There are a few things that should and shouldn’t be said when you’re dealing with your debtor, especially when your words can have consequences that you may not expect. So, what exactly should you not be saying when dealing with your debtor?
What You Should Never Say to a Debtor
Words are the strongest tool in the world of contracts and agreements. What you say, can and will be held against you. In today’s Monday Morning Memo, Wilson and Samantha explored what you should never say to a debtor if you want to get the best outcome.
5. Don’t Go in The Heat of The Moment If They Tell You That They Aren’t Going to Pay You
Don't go in the heat of the moment when they say they're not gonna pay you and tell them that you're gonna go make them a source, and tell everybody on social media what a deadbeat they are. This only makes things worse and will affect how your clients will view you. You could also become the target of a defamation lawsuit.
4. Don’t Issue Refunds or Negotiate Trade Credits or the Like
Refunds and credits are tricky to properly manage when it comes to the staffing and recruiting industry. Replacements are fine but once you get into refunds and credits, it can start getting messy. As Samantha would put it, “a forensic accounting nightmare” if the refund or credit isn’t structured properly.
3. Don’t Write Void All Over Your Contract
Once you write “void” all over your contract, you are negating any safeguard you may have. Anybody that you have presented has worked there as a temp. They now have carte blanche to go ahead and absorb them onto their payroll so don't put “void.”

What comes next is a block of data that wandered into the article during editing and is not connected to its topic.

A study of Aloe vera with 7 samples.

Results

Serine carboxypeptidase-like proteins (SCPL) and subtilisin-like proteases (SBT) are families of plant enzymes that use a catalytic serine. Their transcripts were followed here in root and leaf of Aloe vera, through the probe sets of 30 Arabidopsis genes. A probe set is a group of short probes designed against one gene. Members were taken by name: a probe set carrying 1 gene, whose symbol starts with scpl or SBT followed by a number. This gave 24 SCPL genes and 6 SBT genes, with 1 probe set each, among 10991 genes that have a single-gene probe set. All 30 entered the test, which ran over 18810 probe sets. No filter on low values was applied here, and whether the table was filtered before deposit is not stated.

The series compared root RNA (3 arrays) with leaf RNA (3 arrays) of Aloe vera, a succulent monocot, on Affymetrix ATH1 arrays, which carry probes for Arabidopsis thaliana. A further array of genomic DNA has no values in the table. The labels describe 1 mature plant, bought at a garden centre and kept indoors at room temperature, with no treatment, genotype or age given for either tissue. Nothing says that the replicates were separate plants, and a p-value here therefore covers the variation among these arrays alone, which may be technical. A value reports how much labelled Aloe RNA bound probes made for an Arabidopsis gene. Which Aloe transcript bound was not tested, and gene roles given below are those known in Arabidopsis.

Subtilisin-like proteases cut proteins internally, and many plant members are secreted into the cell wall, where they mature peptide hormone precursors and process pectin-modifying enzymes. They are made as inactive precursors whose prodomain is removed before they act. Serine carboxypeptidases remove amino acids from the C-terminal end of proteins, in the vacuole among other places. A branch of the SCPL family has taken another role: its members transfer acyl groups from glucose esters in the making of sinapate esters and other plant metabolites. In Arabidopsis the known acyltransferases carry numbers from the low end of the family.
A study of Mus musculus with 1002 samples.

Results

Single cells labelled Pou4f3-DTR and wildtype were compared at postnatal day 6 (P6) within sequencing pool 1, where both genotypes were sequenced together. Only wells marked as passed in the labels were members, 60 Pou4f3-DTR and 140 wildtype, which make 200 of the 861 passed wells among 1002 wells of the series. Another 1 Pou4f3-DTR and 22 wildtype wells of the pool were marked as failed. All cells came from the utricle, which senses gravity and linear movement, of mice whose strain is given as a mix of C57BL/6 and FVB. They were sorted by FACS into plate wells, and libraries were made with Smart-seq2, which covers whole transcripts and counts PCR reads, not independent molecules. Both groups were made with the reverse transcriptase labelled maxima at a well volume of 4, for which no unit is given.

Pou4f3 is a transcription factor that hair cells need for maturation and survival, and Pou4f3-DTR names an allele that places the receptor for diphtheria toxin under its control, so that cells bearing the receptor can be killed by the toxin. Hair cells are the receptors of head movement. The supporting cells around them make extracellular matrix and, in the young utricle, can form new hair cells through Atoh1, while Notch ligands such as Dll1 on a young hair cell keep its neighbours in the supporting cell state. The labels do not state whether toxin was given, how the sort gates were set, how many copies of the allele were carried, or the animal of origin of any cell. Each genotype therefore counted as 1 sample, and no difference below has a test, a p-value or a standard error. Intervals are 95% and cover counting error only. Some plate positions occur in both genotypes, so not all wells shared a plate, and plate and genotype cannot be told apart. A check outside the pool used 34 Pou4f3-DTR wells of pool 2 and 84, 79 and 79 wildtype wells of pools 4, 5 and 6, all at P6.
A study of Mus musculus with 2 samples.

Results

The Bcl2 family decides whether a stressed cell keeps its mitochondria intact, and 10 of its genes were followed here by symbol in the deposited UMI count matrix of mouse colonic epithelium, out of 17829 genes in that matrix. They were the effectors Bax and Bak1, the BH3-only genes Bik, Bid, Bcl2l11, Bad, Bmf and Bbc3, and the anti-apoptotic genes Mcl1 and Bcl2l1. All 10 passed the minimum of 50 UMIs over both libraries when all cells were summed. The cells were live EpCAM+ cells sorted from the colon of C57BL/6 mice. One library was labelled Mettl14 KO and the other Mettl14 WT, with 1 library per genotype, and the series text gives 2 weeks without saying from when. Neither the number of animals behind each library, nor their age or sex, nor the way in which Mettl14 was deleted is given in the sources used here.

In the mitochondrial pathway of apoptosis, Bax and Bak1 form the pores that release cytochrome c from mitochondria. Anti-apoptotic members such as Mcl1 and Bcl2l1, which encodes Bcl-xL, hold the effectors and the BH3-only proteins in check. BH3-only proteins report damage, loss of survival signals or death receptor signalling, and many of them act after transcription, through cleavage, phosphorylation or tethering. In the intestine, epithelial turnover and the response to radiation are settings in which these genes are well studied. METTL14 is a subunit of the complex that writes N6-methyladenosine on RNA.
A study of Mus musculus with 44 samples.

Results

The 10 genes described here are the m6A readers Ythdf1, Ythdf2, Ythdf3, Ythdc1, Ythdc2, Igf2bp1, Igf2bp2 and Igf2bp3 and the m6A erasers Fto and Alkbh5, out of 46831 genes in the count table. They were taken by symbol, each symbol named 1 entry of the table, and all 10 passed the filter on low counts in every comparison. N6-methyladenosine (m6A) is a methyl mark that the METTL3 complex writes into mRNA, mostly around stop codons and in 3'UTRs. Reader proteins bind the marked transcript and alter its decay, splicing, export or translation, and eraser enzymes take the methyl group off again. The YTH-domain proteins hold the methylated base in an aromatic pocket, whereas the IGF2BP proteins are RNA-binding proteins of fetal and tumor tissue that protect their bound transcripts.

2. Don’t Tell Your Debtor That the Service Will Be Free
An example of this is the recent settlement that Samantha managed to get with a case. The client sent a message to the debtor basically saying, “We know that you already have John Smith's resume so we know that we, the recruiter, cannot take credit. However, we would like to bring them to your attention.” They essentially said that this client was free. Luckily, Samantha managed to salvage the case and got their fee. However, make sure that you avoid sending emails like this to your debtors to avoid any misunderstandings.
1. Never Say “Don’t Pay Me” In Your Frustration
If you’re an emotional person, try to not let your emotions get the better of you and say “don’t pay me” to your debtor. They will take this literally and will use this against you when you go after them later on. You’ll never be able to get your funds collected if you say this, so keep calm and think of another approach to the problem at hand.
- It's got to be structured properly or it turns into a forensic accounting nightmare.
- Once you write “void” all over your contract you are negating any safeguard.